BANGKOK - Thai Prime Minister Prayut Chan-o-cha has said he is determined to step up measures to fight the worsening air pollution problem plaguing the capital, saying he may even issue drastic orders limiting the use of vehicles.
Premier General Prayut Chan-o-cha stressed that everybody should contribute towards smog-mitigation efforts, or the junta will enforce stern pollution-control measures.
Speaking at the opening ceremony of "Our Country, Our Future" exhibition on Wednesday (Jan 30), Mr Prayut warned that if the smog in Bangkok was not effectively tackled, he will have an order issued by the National Council for Peace and Order (NCPO) prohibiting people from driving alone, ban the use of diesel cars and even implement road-space rationing to mitigate the PM2.5 crisis.
Mr Prayut also warned that local authorities and related agencies face punishment if they fail to control pollution and improve the situation.
With the air quality in Bangkok and nearby provinces continuing to worsen, and the level of very fine and harmful particulate matter - PM2.5 - expected to remain well above the safe standards until this weekend, the authorities began imposing stricter measures.
The Bangkok Metropolitan Administration (BMA) has designated the city a pollution-control zone and asked schools and universities in the capital to be closed for two days.
The PM also voiced his frustration with the ineffective efforts to tackle the air pollution problem in Bangkok, calling on all stakeholders to be more dedicated to pollution control efforts.
"The problem with PM2.5 is caused by multiple factors, so everyone needs to work together to tackle with these pollution factors and solve the problem at the root," Mr Prayut said.
"Some people have picked the air-pollution issue to criticise the government, but the government insists that we have already implemented all necessary short-term mitigation measures such as spraying water to lower PM2.5 levels and distributing face masks. But people also have a duty to do their part."
He urged people to have more public consciousness, follow the rules and changing their polluting habits such as using vehicles |that emit black fumes from the exhaust.
"I don't mean to cause inconvenience to people, but we need public participation to solve the problem," he said.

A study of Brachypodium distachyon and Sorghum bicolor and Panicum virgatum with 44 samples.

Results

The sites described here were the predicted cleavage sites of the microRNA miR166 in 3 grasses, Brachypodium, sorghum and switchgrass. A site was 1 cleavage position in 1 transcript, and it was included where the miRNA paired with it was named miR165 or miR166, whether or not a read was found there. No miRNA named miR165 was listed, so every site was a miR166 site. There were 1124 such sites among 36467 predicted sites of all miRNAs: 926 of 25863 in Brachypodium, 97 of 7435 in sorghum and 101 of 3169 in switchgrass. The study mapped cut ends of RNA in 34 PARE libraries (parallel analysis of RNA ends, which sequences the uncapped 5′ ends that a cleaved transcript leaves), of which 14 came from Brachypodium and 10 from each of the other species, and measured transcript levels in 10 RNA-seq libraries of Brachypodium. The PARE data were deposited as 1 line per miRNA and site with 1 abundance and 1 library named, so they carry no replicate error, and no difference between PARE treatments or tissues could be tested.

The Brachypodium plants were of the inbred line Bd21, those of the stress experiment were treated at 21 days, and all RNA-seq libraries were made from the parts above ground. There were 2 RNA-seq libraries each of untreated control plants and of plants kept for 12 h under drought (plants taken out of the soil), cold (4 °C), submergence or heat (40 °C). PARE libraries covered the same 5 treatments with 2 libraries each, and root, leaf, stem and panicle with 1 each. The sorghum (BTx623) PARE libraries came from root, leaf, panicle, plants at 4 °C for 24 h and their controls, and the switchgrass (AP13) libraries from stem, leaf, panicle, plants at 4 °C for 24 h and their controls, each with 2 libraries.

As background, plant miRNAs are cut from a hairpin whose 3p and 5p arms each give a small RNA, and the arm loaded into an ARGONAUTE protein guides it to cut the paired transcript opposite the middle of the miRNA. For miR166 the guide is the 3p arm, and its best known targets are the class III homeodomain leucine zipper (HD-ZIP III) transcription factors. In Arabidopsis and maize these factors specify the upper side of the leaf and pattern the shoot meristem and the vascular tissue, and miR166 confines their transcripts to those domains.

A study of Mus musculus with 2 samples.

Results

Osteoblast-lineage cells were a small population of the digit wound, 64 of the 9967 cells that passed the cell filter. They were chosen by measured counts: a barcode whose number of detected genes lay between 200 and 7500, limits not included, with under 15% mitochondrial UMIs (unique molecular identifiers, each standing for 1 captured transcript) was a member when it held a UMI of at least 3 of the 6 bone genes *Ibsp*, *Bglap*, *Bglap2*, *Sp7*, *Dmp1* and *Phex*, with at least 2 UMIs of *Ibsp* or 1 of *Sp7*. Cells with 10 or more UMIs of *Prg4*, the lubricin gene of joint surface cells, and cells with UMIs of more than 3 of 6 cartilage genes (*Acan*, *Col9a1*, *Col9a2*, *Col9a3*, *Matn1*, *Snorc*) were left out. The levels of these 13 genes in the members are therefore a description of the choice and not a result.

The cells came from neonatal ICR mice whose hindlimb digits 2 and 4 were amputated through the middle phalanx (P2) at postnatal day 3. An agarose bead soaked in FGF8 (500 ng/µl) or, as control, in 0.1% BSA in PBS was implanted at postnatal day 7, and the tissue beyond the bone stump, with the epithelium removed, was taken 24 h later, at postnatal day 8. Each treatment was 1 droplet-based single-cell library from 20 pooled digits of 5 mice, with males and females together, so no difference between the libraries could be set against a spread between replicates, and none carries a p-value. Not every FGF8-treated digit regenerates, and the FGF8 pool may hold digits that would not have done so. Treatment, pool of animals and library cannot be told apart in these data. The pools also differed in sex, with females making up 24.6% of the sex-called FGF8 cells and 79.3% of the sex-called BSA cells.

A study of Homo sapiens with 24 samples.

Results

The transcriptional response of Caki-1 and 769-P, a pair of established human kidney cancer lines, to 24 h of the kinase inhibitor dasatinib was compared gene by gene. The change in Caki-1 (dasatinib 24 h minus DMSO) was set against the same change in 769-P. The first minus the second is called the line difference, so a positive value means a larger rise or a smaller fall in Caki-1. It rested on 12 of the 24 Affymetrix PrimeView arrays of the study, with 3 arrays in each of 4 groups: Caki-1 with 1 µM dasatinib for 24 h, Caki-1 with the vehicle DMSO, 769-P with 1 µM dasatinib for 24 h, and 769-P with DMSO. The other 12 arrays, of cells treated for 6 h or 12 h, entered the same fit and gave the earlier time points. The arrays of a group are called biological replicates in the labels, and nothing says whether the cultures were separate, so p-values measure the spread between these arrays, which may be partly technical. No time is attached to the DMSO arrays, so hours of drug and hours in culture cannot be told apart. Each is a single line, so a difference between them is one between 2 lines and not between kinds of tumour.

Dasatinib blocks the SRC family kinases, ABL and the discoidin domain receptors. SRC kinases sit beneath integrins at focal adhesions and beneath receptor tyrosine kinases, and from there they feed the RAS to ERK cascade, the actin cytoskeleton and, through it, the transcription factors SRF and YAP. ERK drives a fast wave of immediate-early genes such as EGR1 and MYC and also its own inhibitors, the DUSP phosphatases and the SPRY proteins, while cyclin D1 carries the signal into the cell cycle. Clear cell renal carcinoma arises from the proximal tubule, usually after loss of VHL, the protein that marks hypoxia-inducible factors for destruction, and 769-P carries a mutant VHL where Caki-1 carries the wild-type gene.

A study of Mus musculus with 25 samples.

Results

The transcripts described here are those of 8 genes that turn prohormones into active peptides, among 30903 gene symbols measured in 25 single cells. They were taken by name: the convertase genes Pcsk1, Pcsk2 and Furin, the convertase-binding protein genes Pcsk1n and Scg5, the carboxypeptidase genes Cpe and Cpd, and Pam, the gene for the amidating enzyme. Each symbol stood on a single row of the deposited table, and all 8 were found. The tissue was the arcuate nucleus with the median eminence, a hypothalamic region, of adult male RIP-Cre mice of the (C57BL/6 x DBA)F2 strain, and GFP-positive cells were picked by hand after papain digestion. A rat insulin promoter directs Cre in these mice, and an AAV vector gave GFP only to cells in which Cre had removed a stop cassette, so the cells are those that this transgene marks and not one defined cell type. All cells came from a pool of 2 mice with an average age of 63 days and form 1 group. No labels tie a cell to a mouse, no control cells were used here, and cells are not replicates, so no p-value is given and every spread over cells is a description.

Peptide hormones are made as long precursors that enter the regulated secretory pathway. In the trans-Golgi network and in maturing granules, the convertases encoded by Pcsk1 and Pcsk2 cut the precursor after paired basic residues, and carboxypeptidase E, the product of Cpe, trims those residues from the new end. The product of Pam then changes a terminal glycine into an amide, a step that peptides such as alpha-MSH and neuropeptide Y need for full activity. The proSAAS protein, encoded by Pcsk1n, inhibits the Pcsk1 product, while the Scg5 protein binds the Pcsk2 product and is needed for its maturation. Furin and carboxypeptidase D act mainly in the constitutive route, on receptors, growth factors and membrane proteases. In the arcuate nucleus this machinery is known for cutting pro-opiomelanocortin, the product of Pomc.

The PM also insisted that official agencies, which have the responsibility to mitigate the smog, such as the Pollution Control Department, the BMA and local authorities, must be efficient in monitoring PM2.5 levels, alert the people when the air quality drops to harmful levels, and relieve the situation to ensure the good health and well-being of the citizens.
But if it were found that related official agencies had failed to discharge their duties, Mr Prayut warned that they would be punished.
He also asked business operators and factory owners to scale down their operations during this time and make sure their facilities met the environmental protection standard.
In the meantime, he has ordered the Internal Security Operations Command in each province to deploy military officers to inspect the operations of factories in their areas and ensure they were following the pollution emission standards.
Government spokesman Puttipong Punnakanta, meanwhile, said the PM was also concerned about the well-being of students, so he asked the Education Ministry to order temporary closure of schools in the capital on Thursday (Jan 31) and Friday (Feb 1).
He also authorised provincial |governors to consider temporary closure of schools based upon the air pollution situation in their province.
BMA governor Aswin Kwanmuang has ordered all 50 districts of Bangkok to be designated pollution-control area under the Public Health Act so as to allow the BMA to impose stricter legal measures such as banning outdoor burning, debarring vehicles that do not pass pollution emission standards and suspending construction work by official agencies.